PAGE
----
Eric Raymond Goes Off the Deep End
Slashdot today was talking about this interview with Linux evangelist Eric Raymond. In the interview, Raymond’s comments come across as almost being a parody of Linux true believers. Raymond is apparently seriuos about the following claims,
I think Linux will become dominant before it is really ready technically for the end users. And the reason I believe that is because I now think that Microsoft monopoly is going to collapse for other reasons in the near future.
One of the reasons is that prices for hardware is steadily dropping. This is a problem for Microsoft because their business model depends on charging a fixed price for pre-installed Windows on a machine. As hardware prices drop, that fixed price represents a larger portion of the margins of the desktop OEMs. The desktop OEMs are going to reach the point when prices drop to a certain level where they simply can’t make any money paying the Microsoft tax.
And it is at that point, that the Microsoft monopoly will collapse, because they will then unbundle Windows from their machines, and offer something that’s inexpensive (like, say, Linux), in an effort to get some of their margin. I believe that will happen probably within five to six month from now, and that’s probably before Linux will become polished and be ready for the end user.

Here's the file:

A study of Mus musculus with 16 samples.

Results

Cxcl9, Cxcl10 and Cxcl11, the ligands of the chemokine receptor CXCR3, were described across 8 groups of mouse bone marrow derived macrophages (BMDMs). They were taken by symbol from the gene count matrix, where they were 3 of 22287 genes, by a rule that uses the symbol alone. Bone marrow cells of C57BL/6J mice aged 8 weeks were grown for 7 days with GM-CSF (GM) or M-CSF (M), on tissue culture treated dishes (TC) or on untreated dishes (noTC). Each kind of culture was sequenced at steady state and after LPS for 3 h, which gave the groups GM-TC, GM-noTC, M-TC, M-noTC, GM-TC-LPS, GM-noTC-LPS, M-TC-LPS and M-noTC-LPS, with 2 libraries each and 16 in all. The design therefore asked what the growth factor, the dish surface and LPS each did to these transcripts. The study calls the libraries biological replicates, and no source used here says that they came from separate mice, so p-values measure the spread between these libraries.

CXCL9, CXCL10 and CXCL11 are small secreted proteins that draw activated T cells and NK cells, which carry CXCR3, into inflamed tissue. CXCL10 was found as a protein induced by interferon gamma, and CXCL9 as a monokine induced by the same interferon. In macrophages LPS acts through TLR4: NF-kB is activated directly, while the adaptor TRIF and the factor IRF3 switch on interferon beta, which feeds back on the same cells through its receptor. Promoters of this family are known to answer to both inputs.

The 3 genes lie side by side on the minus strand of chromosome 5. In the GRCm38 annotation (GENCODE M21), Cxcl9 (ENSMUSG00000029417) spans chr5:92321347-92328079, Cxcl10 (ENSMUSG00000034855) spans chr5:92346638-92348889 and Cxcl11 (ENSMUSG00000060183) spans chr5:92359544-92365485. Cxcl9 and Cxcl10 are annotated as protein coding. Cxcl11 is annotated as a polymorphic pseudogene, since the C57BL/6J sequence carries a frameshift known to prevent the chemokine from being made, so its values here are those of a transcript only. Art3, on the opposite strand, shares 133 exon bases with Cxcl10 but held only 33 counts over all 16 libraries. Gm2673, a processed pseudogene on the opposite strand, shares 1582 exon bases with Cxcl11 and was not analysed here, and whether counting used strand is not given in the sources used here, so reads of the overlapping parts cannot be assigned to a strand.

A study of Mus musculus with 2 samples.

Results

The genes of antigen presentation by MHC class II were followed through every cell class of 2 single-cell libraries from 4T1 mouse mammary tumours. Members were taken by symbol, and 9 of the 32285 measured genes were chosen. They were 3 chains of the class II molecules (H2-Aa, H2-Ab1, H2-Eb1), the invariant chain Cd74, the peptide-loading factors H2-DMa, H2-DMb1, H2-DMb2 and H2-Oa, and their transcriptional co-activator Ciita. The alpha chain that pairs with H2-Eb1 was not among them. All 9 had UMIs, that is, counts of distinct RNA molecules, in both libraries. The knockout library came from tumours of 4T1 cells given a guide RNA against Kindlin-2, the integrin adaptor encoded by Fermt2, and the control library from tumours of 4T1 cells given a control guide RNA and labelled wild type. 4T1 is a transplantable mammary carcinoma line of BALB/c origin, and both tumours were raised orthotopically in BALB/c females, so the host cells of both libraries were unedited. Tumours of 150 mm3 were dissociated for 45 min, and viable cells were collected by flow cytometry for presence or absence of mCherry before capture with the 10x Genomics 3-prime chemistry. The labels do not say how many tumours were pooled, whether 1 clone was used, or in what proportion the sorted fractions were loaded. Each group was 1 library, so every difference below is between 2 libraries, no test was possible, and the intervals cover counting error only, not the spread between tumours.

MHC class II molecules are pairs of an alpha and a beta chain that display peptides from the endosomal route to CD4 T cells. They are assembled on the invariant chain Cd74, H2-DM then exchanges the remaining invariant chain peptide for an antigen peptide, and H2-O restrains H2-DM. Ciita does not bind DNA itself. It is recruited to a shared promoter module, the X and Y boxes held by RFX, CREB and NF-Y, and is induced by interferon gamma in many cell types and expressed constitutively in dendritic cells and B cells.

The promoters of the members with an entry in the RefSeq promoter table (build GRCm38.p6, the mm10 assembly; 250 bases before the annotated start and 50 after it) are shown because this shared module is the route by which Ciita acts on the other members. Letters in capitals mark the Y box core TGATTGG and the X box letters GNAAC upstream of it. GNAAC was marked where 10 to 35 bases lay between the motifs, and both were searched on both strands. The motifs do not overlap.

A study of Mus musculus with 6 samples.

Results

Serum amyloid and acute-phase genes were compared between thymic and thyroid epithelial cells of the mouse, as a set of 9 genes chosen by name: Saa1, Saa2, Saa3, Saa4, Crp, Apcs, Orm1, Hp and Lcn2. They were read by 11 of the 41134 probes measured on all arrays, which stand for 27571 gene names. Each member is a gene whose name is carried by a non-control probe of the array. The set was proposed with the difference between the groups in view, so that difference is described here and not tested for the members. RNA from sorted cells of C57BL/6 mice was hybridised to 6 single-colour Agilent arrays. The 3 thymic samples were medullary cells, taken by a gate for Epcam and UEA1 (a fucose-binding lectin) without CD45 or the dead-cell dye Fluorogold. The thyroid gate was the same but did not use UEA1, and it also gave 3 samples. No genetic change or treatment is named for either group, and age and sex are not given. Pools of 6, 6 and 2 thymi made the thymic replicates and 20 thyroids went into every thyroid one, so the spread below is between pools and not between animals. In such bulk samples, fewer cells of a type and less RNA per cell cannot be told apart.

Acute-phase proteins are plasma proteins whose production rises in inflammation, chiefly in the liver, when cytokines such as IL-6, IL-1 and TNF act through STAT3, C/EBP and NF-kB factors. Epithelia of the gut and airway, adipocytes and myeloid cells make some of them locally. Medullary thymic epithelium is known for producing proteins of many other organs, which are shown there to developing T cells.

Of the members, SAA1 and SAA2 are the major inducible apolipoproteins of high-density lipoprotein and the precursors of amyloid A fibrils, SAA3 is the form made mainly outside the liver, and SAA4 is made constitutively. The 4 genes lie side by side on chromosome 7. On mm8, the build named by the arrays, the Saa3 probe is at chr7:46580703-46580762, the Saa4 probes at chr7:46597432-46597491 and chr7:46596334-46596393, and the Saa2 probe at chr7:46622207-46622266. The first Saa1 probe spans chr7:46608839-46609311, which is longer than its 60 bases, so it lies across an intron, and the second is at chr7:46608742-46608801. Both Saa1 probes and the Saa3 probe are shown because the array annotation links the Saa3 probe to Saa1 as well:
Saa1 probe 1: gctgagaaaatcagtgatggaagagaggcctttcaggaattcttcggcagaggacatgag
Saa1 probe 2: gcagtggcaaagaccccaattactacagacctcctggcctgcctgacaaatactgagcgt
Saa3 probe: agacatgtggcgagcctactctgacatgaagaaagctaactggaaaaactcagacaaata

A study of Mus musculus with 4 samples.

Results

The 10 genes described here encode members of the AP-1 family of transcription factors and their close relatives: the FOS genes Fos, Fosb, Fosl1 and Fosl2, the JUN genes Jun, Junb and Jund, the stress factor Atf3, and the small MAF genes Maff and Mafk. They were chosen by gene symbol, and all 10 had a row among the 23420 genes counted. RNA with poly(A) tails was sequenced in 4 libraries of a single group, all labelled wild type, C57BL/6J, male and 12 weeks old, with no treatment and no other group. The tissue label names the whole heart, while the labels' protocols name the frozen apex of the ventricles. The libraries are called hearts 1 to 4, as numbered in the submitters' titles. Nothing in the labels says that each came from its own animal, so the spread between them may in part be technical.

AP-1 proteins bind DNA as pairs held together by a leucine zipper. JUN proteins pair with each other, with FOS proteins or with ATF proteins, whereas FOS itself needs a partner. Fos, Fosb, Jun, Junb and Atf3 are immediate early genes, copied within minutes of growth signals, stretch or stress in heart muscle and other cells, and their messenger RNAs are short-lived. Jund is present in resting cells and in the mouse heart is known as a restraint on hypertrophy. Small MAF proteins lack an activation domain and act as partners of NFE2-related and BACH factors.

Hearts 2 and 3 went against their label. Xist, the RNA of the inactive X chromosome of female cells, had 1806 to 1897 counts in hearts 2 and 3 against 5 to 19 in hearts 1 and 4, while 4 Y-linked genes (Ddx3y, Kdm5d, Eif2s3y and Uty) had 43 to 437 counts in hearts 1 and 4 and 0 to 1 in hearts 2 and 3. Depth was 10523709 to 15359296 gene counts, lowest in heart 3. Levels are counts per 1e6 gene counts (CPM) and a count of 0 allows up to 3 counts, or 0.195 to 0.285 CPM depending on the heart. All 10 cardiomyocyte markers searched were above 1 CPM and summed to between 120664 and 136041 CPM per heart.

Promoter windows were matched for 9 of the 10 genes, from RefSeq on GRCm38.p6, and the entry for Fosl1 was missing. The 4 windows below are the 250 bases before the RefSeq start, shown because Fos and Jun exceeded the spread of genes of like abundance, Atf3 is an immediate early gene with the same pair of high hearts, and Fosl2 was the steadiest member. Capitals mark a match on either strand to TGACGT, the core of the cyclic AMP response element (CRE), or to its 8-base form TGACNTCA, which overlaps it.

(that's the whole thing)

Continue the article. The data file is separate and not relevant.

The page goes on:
Ummm, no. Hardware companies selling Intel and AMD boxes won’t discard Windows or replace it with Linux for one simple reason — nobody would buy them. Okay, the Linux enthusiasts might, but general users wouldn’t touch the things with a ten foot pole.
What Windows, Mac, and Linux advocates forget is that most end users could care less what OS they’re using. What the average end user is concerned about is application support on the OS. When my wife looks at a new computer she doesn’t care about the technical aspects of the OS, she just wants to make sure she can write her thesis on it, and occasionally take a break and play “The Sims.”
Linux is a long way from having the ease of use and application support to see it migrate to desktop computers except as a niche market. The manufacturer who tried this would almost certainly end up regretting it.